Researchers say the presence of “PRIME cells” in a person’s bloodstream may indicate up to a week in advance when a rheumatoid arthritis flare-up might occur. Getty Images
  • Researchers say a previously unidentified type of cell may be able to help predict when rheumatoid arthritis flare-ups might occur.
  • They’ve identified “PRIME cells” that they say appear in the bloodstream about a week before a flare-up happens.
  • They say more evidence is needed, but if their research proves to be true, it could help develop preventive treatments for these flares.

What if you could predict a rheumatoid arthritis flare-up before it happened?

It may sound far-fetched, but there’s no crystal ball needed.

A new study published today indicates that predicting — and therefore potentially being proactive in the treatment of — rheumatoid arthritis flares might be possible.

The research reports that a previously unidentified type of cell might be able to forewarn of forthcoming rheumatoid arthritis (RA) symptoms such as flare-ups. The cells may also play a role in the activity of a flare.

These newly discovered units have been dubbed “PRIME cells.”

Dr. Robert B. Darnell, an investigator at the Howard Hughes Medical Institute in Maryland, and his team reported that these PRIME cells seem to accumulate in the bloodstream for the week prior to disease flare-ups.

According to their findings, the discovery of this PRIME cell accumulation could lead to the ability to better predict when the pain, swelling, stiffness, and fatigue of a flare-up might happen.

This discovery could also potentially provide avenues for new or repurposed RA treatments, or even pathways to reversing or quelling the painful ailment.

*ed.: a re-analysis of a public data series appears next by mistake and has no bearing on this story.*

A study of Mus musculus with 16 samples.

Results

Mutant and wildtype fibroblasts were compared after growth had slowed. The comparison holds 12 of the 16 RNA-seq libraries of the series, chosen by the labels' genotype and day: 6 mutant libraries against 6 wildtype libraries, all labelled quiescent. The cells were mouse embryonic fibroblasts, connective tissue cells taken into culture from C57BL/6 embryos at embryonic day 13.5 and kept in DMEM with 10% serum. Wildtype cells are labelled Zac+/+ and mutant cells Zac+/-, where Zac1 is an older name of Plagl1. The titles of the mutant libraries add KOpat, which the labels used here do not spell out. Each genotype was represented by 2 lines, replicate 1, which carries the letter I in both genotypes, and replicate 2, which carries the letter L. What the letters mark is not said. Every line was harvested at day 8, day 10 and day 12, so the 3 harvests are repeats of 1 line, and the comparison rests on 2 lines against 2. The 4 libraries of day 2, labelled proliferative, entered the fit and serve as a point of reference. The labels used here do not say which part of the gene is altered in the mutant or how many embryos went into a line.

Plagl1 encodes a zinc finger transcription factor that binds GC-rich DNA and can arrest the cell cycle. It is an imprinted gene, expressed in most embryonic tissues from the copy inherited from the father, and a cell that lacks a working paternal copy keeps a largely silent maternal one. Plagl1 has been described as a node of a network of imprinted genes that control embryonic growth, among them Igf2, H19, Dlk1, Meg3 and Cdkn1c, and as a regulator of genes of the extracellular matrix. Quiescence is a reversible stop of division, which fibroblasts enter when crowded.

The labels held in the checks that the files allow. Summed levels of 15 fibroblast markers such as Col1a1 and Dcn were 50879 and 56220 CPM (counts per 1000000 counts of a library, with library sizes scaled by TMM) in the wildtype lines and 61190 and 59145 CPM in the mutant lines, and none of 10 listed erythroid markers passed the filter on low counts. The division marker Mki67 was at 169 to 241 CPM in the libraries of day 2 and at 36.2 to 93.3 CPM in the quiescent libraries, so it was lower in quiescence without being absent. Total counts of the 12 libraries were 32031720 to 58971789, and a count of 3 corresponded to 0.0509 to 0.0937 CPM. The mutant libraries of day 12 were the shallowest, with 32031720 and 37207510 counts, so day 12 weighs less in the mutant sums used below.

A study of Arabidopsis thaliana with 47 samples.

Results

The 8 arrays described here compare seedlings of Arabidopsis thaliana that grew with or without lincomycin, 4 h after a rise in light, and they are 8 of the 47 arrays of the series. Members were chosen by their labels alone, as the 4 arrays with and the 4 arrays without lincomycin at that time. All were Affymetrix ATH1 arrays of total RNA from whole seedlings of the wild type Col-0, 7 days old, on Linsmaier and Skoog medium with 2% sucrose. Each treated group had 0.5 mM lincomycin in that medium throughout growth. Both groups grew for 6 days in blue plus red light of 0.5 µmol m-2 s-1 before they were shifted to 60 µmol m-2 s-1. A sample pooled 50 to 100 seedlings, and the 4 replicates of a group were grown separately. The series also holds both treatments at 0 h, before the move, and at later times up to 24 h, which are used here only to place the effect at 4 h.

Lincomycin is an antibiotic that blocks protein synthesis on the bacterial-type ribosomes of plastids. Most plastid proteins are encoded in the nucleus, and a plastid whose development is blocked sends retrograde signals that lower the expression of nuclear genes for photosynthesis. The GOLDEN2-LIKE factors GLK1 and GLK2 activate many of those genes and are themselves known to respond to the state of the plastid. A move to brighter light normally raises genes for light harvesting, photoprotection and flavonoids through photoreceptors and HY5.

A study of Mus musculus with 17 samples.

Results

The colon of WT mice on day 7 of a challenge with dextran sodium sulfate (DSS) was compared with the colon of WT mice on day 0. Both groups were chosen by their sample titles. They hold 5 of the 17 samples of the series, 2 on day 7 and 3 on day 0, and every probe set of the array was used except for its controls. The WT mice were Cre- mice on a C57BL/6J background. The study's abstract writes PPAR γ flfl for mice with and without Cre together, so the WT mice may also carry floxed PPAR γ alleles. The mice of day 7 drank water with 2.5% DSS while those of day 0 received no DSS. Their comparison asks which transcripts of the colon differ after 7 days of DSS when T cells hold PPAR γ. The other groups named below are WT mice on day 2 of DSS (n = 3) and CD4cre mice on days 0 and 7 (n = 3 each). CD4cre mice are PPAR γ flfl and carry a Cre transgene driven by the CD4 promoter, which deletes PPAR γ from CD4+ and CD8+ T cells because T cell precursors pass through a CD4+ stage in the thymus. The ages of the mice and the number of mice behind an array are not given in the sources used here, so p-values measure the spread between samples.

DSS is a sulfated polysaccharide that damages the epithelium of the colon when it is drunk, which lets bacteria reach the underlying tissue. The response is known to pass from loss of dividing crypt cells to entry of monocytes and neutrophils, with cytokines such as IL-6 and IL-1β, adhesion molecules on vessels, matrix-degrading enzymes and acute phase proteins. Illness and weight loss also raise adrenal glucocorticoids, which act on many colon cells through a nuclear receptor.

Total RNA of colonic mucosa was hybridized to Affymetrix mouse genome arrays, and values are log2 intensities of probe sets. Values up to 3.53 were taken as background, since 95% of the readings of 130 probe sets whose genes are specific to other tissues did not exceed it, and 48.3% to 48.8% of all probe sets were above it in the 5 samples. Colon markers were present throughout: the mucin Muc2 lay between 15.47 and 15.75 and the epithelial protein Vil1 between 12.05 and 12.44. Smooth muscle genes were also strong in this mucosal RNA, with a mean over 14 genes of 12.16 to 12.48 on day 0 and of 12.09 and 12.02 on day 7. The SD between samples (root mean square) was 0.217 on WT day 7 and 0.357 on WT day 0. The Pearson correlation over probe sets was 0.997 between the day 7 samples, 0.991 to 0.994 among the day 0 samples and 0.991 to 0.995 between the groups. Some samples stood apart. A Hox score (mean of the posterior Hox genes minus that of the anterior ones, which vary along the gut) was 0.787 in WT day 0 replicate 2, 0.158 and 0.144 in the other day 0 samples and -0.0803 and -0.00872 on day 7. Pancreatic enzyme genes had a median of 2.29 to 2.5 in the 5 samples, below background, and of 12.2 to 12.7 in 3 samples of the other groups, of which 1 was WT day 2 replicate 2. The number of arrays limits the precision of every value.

Being able to be preemptive about flares means that patients and doctors can work together to mitigate painful and exhausting symptoms of a rheumatoid flare before it fully strikes, at which point it sometimes feels “too late” to treat.

“PRIME cells are one thing you might want to target to arrest the flare before it happens,” Darnell said in a press release. “That’s the ideal of medical science — to know enough about a disease that you can put your finger on what’s about to make someone sick.”

Putting the research into action

While it may take a while to put this theory into practice, it’s a hopeful piece of the puzzle when looking forward to how RA will be managed in the future.

But there’s still a lot to be learned. The discovery of these cells was only the beginning.

Does the presence of cell communication actually mean a flare is around the corner?

These scientists think so, but they say they need to do more research to be sure.

The PRIME, or “pre-inflammation mesenchymal” cells, are a type of stem cell that can eventually turn into cartilage or bone.

During the study, the researchers said it appeared the cells were accumulating in the bloodstream a week or so before an active RA flare but then vanishing during the actual flare itself.

This observation is what made them think the PRIME cells played a role in the flare-up.

Medical professionals see the advantages.

“Rheumatologists sometimes struggle to know when a patient is flaring or about to flare,” Dr. Robert J. Koval, a specialist in internal medicine and rheumatology at Texas Orthopedics. “Having an accurate marker for an impending flare would potentially allow us to make data driven decisions about patient treatments, as we treat to a target goal of true remission. We are always trying to get ahead of this disease to prevent permanent damage, and this may be another tool to do so.”

People with rheumatoid arthritis also see the promise.

Ashley Feldman, a 35-year-old resident of Florida, has had RA since she was 22.

“If I knew how to stop a flare before it hit, I would,” Feldman told Healthline. “And if I knew how to get rid of cells that play a role in flares? Well, sign me up.”

“RA is unpredictable,” added Maria Hodge, a New Jersey resident with rheumatoid arthritis. “If it could be a little more predictable, it would be less frustrating.”

One of the research team’s next steps is to test their theory in more people to confirm whether or not these cells can consistently predict a flare.

The researchers are recruiting participants for their next study.

They also hope to be able to study the molecular properties of PRIME cells because, according to Darnell, “understanding the unique aspects of PRIME cells might enable us to target them with a drug and get rid of them.”